No. D-3637.

858 S.W.2d 370 (1993)

Stephen N. RINER, Petitioner, v. BRIARGROVE PARK PROPERTY OWNERS, INC., Respondent.

Supreme Court of Texas.

Rehearing Overruled September 10, 1993.

Attorney(s) appearing for the Case

Steve N. Riner, Houston, for petitioner.

Donald Michael Stull, Houston, for respondent.


In this case, we consider whether a party waives his right to appeal a judgment if he pays that judgment after its execution. The court of appeals held that a party waives his right to appeal when he pays judgment even after its execution, 847 S.W.2d 265. We reverse and remand the case to the court of appeals.

This case originally arose out of a suit to quiet title of a lot in the Briargrove Park subdivision. Steven Riner (Riner) was a defendant claiming ownership of the lot in question. Briargrove Park Property Owners, Inc. (Briargrove) was joined in the suit as a defendant because it claimed a lien on the property for unpaid maintenance assessments. Briargrove filed a cross-claim against Riner to recover the unpaid maintenance assessments.

The quiet title suit settled in November 1991, with title to the lot being awarded to Riner. After a bench trial on Briargrove's cross-claim, the trial court rendered judgment for Briargrove in the amount of $2,018.79, but did not award Briargrove attorney's fees. After Briargrove obtained a writ of execution and an order of sale was issued, Riner paid judgment to avoid the sale of the property. Both parties appealed, and the court of appeals reversed and remanded, holding that (1) Briargrove was entitled to attorney's fees and (2) Riner's appeal was moot because he paid the judgment prior to appeal. 847 S.W.2d at 267.

Riner asserts that a party does not waive his right to appeal by paying the judgment after its execution. We agree.

Usually, when a judgment debtor voluntarily pays and satisfies a judgment rendered against him, the cause becomes moot. Highland Church of Christ v. Powell, 640 S.W.2d 235, 236 (Tex.1982). Thus, the judgment debtor waives his right to an appeal and the case is dismissed as moot. 640 S.W.2d at 236. This rule is intended to prevent a party who voluntarily pays a judgment from later changing his mind and seeking the court's aid in recovering payment. 640 S.W.2d at 236.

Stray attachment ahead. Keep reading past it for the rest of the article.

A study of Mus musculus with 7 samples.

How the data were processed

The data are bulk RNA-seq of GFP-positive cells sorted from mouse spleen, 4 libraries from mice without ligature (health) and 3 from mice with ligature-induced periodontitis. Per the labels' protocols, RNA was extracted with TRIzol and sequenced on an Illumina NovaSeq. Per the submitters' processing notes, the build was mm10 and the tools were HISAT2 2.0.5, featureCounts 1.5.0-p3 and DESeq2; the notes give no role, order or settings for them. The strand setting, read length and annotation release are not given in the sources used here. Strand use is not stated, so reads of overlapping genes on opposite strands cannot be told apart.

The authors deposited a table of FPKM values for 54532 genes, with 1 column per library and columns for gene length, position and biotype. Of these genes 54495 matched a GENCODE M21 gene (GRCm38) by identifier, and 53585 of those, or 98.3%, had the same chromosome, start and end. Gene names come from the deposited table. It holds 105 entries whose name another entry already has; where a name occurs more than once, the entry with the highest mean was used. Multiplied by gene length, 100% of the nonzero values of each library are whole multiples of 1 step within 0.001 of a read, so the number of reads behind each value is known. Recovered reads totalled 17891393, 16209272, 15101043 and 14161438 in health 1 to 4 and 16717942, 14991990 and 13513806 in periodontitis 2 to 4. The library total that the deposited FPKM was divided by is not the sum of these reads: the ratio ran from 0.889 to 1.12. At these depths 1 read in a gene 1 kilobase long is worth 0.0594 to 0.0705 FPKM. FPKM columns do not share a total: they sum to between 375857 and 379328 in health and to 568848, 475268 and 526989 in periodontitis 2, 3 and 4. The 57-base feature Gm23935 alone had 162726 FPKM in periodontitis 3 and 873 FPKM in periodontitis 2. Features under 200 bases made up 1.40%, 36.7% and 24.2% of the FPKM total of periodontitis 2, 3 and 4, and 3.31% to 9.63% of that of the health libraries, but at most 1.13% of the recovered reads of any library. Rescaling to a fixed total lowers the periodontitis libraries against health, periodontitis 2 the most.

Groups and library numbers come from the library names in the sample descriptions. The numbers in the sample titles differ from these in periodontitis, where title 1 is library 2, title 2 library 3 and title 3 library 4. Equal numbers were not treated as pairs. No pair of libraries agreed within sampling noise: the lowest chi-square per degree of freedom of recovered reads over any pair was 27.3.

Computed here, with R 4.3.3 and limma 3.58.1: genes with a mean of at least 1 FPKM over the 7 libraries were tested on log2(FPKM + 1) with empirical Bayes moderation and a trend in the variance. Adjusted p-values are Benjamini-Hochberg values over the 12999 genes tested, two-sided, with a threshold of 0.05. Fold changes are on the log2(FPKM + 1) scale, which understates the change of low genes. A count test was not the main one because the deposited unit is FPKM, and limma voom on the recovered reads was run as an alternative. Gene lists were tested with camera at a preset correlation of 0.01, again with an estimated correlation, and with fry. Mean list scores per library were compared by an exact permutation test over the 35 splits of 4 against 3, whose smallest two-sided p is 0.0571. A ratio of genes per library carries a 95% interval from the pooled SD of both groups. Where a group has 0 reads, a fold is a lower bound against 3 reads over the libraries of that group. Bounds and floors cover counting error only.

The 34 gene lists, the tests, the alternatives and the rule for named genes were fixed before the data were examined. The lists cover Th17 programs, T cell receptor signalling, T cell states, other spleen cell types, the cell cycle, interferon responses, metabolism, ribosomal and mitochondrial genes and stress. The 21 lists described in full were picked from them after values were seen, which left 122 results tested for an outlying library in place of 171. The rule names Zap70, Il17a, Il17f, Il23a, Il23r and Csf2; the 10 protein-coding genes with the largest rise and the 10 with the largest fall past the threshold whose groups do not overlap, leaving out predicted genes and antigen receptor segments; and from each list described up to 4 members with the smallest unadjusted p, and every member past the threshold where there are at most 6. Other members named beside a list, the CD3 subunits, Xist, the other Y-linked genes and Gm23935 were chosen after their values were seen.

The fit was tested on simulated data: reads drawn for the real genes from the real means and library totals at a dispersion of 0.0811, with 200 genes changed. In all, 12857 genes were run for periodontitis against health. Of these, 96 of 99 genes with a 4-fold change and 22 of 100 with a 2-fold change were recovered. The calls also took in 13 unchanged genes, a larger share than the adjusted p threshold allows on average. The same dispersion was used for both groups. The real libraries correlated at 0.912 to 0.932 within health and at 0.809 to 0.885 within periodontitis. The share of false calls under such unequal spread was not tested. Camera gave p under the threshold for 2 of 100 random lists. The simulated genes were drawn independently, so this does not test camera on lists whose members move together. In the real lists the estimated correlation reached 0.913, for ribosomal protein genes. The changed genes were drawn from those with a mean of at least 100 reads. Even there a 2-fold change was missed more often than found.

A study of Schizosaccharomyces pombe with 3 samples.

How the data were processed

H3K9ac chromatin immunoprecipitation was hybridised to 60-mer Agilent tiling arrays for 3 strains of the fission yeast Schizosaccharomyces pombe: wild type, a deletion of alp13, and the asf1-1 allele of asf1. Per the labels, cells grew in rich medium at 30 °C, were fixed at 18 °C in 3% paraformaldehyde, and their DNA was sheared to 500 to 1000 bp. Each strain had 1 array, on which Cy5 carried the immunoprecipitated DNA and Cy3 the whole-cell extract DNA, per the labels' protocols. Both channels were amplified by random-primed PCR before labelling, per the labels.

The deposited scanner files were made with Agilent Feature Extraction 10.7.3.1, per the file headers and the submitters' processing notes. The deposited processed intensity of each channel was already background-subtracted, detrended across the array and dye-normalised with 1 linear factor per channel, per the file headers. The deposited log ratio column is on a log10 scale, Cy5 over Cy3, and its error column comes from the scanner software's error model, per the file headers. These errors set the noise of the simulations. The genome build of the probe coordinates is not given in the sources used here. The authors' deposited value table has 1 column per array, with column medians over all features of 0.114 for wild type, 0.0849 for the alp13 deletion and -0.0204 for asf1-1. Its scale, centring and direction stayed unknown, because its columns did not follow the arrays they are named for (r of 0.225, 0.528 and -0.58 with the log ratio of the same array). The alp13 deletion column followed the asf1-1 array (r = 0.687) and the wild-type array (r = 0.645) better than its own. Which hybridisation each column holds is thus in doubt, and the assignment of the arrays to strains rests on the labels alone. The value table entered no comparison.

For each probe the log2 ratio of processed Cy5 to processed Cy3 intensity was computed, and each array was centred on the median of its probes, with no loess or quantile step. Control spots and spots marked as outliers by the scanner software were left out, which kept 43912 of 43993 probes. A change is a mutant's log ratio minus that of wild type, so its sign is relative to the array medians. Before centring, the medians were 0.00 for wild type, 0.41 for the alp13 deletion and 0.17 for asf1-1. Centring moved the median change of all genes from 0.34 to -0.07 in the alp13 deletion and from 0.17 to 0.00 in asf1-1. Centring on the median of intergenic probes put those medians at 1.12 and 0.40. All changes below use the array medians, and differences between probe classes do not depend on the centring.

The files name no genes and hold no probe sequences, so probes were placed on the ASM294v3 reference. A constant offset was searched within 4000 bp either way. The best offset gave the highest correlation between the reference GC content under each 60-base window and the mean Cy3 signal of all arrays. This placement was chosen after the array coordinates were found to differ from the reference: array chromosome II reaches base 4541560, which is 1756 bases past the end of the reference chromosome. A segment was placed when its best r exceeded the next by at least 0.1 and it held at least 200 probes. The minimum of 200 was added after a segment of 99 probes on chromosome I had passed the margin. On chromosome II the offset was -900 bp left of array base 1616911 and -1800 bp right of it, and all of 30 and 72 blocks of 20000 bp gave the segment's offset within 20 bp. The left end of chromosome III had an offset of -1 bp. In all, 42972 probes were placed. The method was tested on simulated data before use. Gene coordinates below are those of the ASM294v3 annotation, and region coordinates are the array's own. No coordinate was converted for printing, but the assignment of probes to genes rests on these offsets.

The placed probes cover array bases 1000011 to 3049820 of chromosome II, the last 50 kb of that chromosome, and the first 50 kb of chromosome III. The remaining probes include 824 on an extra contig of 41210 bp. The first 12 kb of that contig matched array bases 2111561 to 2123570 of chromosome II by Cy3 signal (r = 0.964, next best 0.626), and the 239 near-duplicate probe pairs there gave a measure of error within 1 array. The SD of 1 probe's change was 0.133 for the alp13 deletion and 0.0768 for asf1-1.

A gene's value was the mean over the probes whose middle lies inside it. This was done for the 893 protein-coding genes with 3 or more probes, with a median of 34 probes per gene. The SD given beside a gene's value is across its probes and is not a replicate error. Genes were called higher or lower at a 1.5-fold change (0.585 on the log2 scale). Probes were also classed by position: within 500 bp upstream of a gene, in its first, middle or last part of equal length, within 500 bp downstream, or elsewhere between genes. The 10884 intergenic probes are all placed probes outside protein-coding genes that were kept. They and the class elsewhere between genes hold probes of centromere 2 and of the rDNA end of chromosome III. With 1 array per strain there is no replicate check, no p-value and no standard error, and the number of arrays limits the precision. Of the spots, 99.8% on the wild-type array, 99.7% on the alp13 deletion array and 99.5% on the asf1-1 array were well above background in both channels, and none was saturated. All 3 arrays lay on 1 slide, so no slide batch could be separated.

However, if a party does not voluntarily pay a judgment, his appeal is not moot. 640 S.W.2d at 236. A party does not voluntarily pay a judgment if he satisfies that judgment after execution of a judgment.1 Cravens v. Wilson, 48 Tex. 321, 323 (1877); Stylemark Const. v. Spies, 612 S.W.2d 654, 656 (Tex.Civ.App.-Houston [14th Dist.] 1981, writ ref'd n.r.e.). In this case, the record indicates that Riner paid the judgment after Briargrove sought to execute its judgment against his property on July 28, 1992. Thus, we hold that Riner did not waive his appeal.

Pursuant to Rule 170 of the Texas Rules of Appellate Procedure, a majority of this court, without hearing oral argument, grants Riner's application for writ of error, reverses only that portion of the court of appeals dismissing Riner's appeal, and remands the cause to that court for further consideration.2


1. This is the position of all but one of the other jurisdictions that have considered this issue. See Annotation, Defeated Party's Payment or Satisfaction of, or Other Compliance with, Civil Judgment as Barring Right of Appeal, 39 A.L.R. 146, 166-68 (1955); see, e.g., Carlucci v. Duck's Real Estate, Inc., 220 Va. 164, 257 S.E.2d 763 (1979), contra, Sisk v. Edmonston, 163 Kan. 394, 182 P.2d 891 (1947).
2. We will not address Riner's other points of error until the court of appeals has had a chance to address the merits of Riner's appeal on remand.